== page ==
6 ways to boost your memory that aren't sudoku

Because sometimes puzzles can get a bit dull.

Press Association
Last updated: 21 June 2018 - 7.37am

Do you find yourself forgetting where you’ve put your keys a few more times than you’d like, or struggling to remember a friend’s birthday? These are small things, but a patchy memory can get pretty annoying.

If you’re anything like us you’ve tried brain training and sudoku, but find all those puzzles a bit… dull. Nothing against them, they’re just not for everyone.

So we’ve collected six alternative ways to help improve your memory. Trust us: you’ll enjoy doing these far more than a sudoku.

1. Have more sex

Hugging couple
(Andrew Milligan/PA)

 

Scientists are now telling you to have more sex, and it’s best to listen to the professionals.

Apparently, researchers from McGill University in Canada found that women who have sex more regularly scored better in tests measuring their working memory. We won’t argue with that.

2. Eat more oily fish

Salmon
(Richard Drew/AP)

 

As you age, what you eat becomes increasingly important. Your memory is definitely something that can benefit from your diet – upping the likes of tuna, mackerel and salmon could do you the world of good.

Omega 3 fatty acids found in oily fish seems to have a protective effect against Alzheimer’s, so you could do no worse than having a bit more salmon for dinner. Failing that, you could try some supplements of Omega 3 fish oils.

“The DHA in Omega 3 fatty acids helps to prevent the plaque forming in the brain, which is present in Alzheimer’s,” says Dr Marilyn Glenville, author of Natural Alternatives to Sugar.

3. Add more beef to your diet

Beef dinner
(Matthew Mead/AP)

 

If you’re not keen on oily fish, you might prefer increasing the amount of beef you eat instead. Beef is a good source of iron and zinc, and its high levels of creatine can be helpful for your memory.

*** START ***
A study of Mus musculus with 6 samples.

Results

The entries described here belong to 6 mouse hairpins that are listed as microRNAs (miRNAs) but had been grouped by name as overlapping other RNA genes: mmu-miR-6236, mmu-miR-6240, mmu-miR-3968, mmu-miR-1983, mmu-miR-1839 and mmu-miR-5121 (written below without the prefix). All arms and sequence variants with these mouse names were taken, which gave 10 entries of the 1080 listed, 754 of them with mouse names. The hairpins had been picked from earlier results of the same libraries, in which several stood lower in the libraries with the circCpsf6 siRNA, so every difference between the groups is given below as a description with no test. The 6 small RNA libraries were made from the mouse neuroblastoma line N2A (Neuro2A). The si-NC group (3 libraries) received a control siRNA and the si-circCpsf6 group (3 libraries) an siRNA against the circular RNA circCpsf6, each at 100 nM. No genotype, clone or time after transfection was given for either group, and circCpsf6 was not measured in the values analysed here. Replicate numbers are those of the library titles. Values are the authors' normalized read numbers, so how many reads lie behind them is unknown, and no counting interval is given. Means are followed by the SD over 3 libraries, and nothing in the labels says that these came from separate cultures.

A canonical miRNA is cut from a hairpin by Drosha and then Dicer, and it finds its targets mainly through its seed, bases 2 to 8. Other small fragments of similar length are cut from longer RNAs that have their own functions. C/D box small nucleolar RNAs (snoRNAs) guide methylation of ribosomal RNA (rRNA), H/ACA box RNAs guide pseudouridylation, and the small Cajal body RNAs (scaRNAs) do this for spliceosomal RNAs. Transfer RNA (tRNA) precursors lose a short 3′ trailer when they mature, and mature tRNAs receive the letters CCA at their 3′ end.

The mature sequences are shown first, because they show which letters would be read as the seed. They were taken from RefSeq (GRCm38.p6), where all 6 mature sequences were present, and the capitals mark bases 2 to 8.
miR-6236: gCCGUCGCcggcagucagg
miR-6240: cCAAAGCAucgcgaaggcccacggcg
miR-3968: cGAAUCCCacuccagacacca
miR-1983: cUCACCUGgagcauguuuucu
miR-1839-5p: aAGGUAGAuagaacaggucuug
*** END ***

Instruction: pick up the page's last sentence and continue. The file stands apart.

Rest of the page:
Shona Wilkinson, nutritionist at SuperfoodUK.com says: “Creatine has been shown in studies to help boost muscle power and performance during intense strength training.

“It is also thought that creatine has a role in maintaining energy levels to the brain and might improve mental performance.”

4. Get a good night’s sleep

Sleeping dog
(Joe Giddens/PA)

 

Nutritionist Cassandra Barns says: “Sleep is essential for good memory. While we are sleeping, particularly during non-REM phase, our body reactivates neurons that were active while learning a motor task, helping to aid long-term storage of new memories.

“When sleep is disrupted this process does not occur. So if you have learnt something new and you want to improve your chances of remembering it make sure you get some shut eye.”

Barns recommends taking magnesium supplements if you struggle with sleep.

Hey – we don’t need any more excuse to hop back into bed.

5. Laugh more

Laughing
(Mike Egerton/PA)

 

This is definitely a good thing to do more of, whether it’s in aid of your memory or not.

Research shows that laughter helps lower levels of the stress hormone cortisol, which improves your memory and learning.

So take things a little bit less seriously, and you might find that you’ve forgotten where you put your keys a little less often.

6. Write more

Handwriting
(Kevin Lorenzi/AP)

 

Be honest: when was the last time you actually put pen to paper? For many of us, thanks to our phones, tablets and computers, handwriting has become a thing of the past.

However, if you start to jot a few more things down by hand instead of immediately reaching for the keyboard, your memory will thank you.

Wilkinson says: “If you want to recall something, try writing it out in longhand. Even if you never read back your notes, studies have shown that just the act of writing something out allows you to recall it in a way that touching a keyboard does not.”